Iowa Correspondent


DES MOINES, Iowa –The Iowa Soil Conservation & Water Quality Committee has voted against a proposed mandatory resolution that, if passed, would have banned the state’s farmers from planting crops within 30 feet of the state’s streams.

At its annual conference in August, a group of 500 locally-elected Iowa water and soil conservation district commissioners — many of whom are farmers — approved a resolution titled, “Require Permanent Buffer Strips to Protect Streams,” which had passed with a supermajority.

The group said the proposed crop buffer law would have improved water quality by creating crop buffer strips to reduce soil erosion and nutrient runoff.

But Iowa Agriculture Secretary Mike Naig said the resolution wouldn’t have represented every Iowa farmer — especially since the move would have taken away their freedom to choose which practices are right for their operations.

“While I agree that buffer strips are good conservation practices and I encourage all farmers to explore conservation opportunities for their operations, I do not believe that regulation is the right strategy,” he told FarmWorld.

Dennis Carney, CDI president and a Mason City, Iowa, corn and soybean farmer, told FarmWorld commissioners are chosen through the general election and their job is to represent all residents of their districts, not only farmers.

“Commissioners evaluate applications for cost-share and distribute federal, state, and local cost-share funds to landowners and operators who desire to reduce soil erosion and improve water quality on their farms,” he said.

He said the CDI’s annual resolution process encourages district commissioners to propose improvements to state or federal regulations, “most of which they work with all the time.” 

“Proposed resolutions must achieve a minimum of 60 percent commissioner approval for adoption, becoming part of the CDI’s conservation goals for the next five years,” he said. “The CDI officers and staff are therefore empowered to work toward achieving these goals.”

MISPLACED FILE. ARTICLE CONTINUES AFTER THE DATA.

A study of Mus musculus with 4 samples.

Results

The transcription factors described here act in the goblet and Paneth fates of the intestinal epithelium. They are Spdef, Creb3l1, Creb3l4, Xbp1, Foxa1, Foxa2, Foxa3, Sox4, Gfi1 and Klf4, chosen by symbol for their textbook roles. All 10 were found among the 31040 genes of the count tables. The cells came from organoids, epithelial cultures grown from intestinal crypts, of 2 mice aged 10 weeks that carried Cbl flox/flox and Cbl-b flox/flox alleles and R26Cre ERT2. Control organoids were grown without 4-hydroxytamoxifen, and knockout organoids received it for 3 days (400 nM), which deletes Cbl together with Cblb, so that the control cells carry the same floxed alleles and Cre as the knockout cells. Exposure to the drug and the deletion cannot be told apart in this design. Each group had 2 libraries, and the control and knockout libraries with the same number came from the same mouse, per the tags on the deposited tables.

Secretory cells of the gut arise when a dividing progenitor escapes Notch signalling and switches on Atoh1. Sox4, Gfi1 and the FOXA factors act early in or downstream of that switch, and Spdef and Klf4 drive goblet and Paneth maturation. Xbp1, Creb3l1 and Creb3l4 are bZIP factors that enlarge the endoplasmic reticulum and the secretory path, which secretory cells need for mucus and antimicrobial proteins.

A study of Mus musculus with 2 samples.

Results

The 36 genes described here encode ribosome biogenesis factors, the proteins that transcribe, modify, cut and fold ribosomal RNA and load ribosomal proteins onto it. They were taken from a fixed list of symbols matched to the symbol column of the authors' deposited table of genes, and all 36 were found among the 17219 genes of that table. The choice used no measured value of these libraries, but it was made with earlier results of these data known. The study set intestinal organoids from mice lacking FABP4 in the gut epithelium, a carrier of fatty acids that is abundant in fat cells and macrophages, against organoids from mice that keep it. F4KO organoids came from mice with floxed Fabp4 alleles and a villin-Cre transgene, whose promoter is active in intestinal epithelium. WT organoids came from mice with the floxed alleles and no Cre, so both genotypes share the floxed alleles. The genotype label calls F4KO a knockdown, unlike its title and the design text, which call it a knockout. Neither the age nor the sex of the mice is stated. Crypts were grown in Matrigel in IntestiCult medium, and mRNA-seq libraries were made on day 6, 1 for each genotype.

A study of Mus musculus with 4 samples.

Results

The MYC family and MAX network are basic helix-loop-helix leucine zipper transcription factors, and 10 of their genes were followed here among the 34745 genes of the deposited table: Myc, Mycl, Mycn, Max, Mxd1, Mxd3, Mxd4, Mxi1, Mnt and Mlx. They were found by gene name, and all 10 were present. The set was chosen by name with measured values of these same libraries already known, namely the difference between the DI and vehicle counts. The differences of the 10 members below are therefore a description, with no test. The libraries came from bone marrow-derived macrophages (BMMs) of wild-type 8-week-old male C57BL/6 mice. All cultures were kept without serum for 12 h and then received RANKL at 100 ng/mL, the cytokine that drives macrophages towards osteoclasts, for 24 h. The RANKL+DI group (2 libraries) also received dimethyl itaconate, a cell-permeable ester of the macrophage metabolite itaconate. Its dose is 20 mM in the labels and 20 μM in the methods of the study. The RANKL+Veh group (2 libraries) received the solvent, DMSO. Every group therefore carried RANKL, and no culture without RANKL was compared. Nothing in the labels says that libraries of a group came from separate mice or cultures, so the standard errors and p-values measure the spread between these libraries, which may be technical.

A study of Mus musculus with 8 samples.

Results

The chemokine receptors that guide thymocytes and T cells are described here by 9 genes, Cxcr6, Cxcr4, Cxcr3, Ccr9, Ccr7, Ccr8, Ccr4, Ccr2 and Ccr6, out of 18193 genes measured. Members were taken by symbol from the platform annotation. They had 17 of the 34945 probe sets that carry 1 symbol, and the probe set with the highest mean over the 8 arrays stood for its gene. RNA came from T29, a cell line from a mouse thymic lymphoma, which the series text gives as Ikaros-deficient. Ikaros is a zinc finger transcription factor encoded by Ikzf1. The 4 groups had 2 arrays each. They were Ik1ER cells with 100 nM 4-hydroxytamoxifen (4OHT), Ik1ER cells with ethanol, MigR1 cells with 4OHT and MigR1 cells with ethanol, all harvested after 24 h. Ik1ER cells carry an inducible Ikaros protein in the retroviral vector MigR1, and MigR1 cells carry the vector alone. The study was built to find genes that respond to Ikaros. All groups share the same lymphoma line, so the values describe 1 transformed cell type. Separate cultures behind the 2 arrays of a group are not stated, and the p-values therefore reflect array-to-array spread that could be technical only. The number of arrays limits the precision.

The proposal (or Resolution 5), which came from the Linn County Soil and Water Conservation District stated the CDI should support legislation similar to Minnesota’s buffer law, which requires perennial vegetative buffers of up to 50 feet along lakes, rivers, and streams and buffers of 16.5 feet along ditches.

Officials at the Minnesota Board of Water and Soil Resources (MBWSR) said these buffers help filter out phosphorus, nitrogen and sediment.

As of July 2019, MBWSR officials said about 98 percent of parcels adjacent to Minnesota waters are compliant with the buffer Law. 

“Soil and water conservation districts are reporting encouraging progress in their work with landowners around the state,” officials said.

Carney said any resolution that is adopted by the CDI is strictly “a suggestion for action.”

“The CDI has no authority to directly make changes to state or federal regulations,” he said. “It is our hope that these resolutions, including that Iowa adopt a buffer rule, launch discussions and actions related to Iowa’s conservation goals.”

Naig said the soil and water conservation district commissioners like Carney “are important boots on the ground.”

“They work closely with farmers, urban planners and the Department of Agriculture to accelerate the adoption of conservation practices in Iowa,” he said in a statement to the media.

“I believe that voluntary, incentive-based approaches to delivering conservation practices that are tailored to the landscape — instead of mandatory regulations — are the best way to achieve our state’s water quality goals.”

Moreover, with dozens of practices outlined in the Iowa Nutrient Reduction Strategy, he told FarmWorld, “We cannot take a one-size-fits-all approach to conservation.”

“This state has a diverse landscape from border to border, and farmers should have the freedom to choose which practices are right for their operations.”